New York, mattermatters.com
Most know Gray as founder of the influential New York furniture shop Matter, but few know that some of the store’s best designs are his own.

What is American design to you, and what excites you about it?
Ten years ago my answer would have been so different. American design has really evolved since then and become an integral part of the international design landscape. So much so that I would say American design, more than anything else, is this growing group of designers, makers, and manufacturers who have uncompromisingly invested themselves in putting — and keeping — contemporary American design on the map. And while there are definitely moments that contextually make references to American design history, it no longer feels as though we’re having a separate conversation than designers elsewhere in the world. As one of the people who’s championed American design and manufacturing since opening Matter in 2003, I find that pretty exciting.

What are your plans and highlights for the upcoming year?
There are a number of commercial projects that the studio is currently immersed in which incorporate our existing lighting collections and some new custom fixtures as well. I continue to (obsessively) tinker with, refine and re-engineer things, so next year during design week I’ll introduce the latest iterations of the various lights I’ve developed. On top of that, I’ve started a new project, Wherewithal, with my girlfriend Olivia Sammons. We’ve always wanted to work together creatively and are finally finding some time to explore that. We’ve yet to define exactly what it is we do, but for the moment we’re collaborating on some product, furniture, and interior projects.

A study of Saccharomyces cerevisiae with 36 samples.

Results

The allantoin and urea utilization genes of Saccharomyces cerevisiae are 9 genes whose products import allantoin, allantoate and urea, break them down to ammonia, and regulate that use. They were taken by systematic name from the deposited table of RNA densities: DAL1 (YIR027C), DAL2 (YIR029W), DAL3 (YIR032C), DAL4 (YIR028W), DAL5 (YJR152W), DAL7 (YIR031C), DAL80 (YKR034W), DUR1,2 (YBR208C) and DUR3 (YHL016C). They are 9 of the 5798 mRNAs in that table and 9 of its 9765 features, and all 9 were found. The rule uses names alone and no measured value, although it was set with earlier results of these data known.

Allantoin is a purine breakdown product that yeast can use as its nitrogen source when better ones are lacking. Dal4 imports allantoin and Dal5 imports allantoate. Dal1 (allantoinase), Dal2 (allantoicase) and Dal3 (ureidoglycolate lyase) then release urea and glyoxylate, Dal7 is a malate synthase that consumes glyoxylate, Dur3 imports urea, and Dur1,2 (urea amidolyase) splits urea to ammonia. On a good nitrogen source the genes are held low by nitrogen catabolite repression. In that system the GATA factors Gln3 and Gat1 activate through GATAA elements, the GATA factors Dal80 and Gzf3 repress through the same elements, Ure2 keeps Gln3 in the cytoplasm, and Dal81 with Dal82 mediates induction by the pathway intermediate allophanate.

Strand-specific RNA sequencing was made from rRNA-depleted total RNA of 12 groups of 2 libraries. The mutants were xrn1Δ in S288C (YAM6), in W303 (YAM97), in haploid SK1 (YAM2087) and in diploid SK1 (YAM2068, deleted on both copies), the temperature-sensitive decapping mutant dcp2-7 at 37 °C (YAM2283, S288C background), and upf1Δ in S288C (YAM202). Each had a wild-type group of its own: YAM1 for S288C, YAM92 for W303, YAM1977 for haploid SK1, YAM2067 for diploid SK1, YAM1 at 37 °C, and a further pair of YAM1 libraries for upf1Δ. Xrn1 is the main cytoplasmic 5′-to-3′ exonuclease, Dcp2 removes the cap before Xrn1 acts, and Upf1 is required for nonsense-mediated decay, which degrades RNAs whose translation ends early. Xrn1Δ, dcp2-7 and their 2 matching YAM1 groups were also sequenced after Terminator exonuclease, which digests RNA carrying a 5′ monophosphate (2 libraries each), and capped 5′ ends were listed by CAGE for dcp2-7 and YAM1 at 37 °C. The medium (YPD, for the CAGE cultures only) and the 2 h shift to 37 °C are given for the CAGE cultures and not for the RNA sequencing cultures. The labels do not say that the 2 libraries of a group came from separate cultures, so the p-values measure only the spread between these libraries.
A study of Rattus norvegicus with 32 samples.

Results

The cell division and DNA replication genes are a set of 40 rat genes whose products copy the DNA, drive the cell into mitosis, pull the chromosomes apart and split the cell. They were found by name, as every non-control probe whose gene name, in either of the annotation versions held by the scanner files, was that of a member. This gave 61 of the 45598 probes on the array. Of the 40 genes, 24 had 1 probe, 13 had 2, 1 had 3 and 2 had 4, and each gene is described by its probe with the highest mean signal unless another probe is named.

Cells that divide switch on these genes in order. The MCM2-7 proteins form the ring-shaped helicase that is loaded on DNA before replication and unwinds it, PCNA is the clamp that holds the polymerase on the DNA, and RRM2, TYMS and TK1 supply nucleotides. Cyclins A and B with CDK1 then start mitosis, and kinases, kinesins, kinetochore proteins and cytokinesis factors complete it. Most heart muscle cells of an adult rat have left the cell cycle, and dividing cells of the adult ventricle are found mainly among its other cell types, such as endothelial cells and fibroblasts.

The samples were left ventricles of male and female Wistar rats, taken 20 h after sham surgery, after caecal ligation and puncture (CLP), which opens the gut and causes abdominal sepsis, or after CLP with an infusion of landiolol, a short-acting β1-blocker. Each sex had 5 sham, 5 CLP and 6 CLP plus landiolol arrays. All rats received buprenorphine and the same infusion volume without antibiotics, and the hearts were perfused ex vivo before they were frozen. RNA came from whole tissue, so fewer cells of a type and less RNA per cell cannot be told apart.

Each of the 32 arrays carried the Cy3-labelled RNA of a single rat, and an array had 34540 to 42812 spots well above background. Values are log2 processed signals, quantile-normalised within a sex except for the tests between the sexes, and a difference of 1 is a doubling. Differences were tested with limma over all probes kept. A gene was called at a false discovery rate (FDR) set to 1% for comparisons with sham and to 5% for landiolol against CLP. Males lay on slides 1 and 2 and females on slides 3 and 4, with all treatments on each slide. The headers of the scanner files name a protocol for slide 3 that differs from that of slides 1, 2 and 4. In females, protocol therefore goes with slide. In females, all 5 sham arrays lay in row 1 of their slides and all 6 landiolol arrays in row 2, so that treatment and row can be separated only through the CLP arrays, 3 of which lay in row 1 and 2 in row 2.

What inspires your work in general?
Form is the first thing I always respond to, whether in something manmade or something found in nature. I’ve always had this very physical reaction to the things that shape the world around me, but I’d have a hard time saying one thing or another informs or inspires my work. It’s more broad strokes. After form comes materials and assembly. I have a great amount of respect for things that are manufactured with a reverence for materials and are engineered to the highest degree. Swiss watch movements are a current obsession. The parts are so fragile and precise; it seems almost impossible that inside such a small object are these tiny springs, ratchets, jewels, gears, and a rotor that make up the automatic movement of a watch. It’s magical.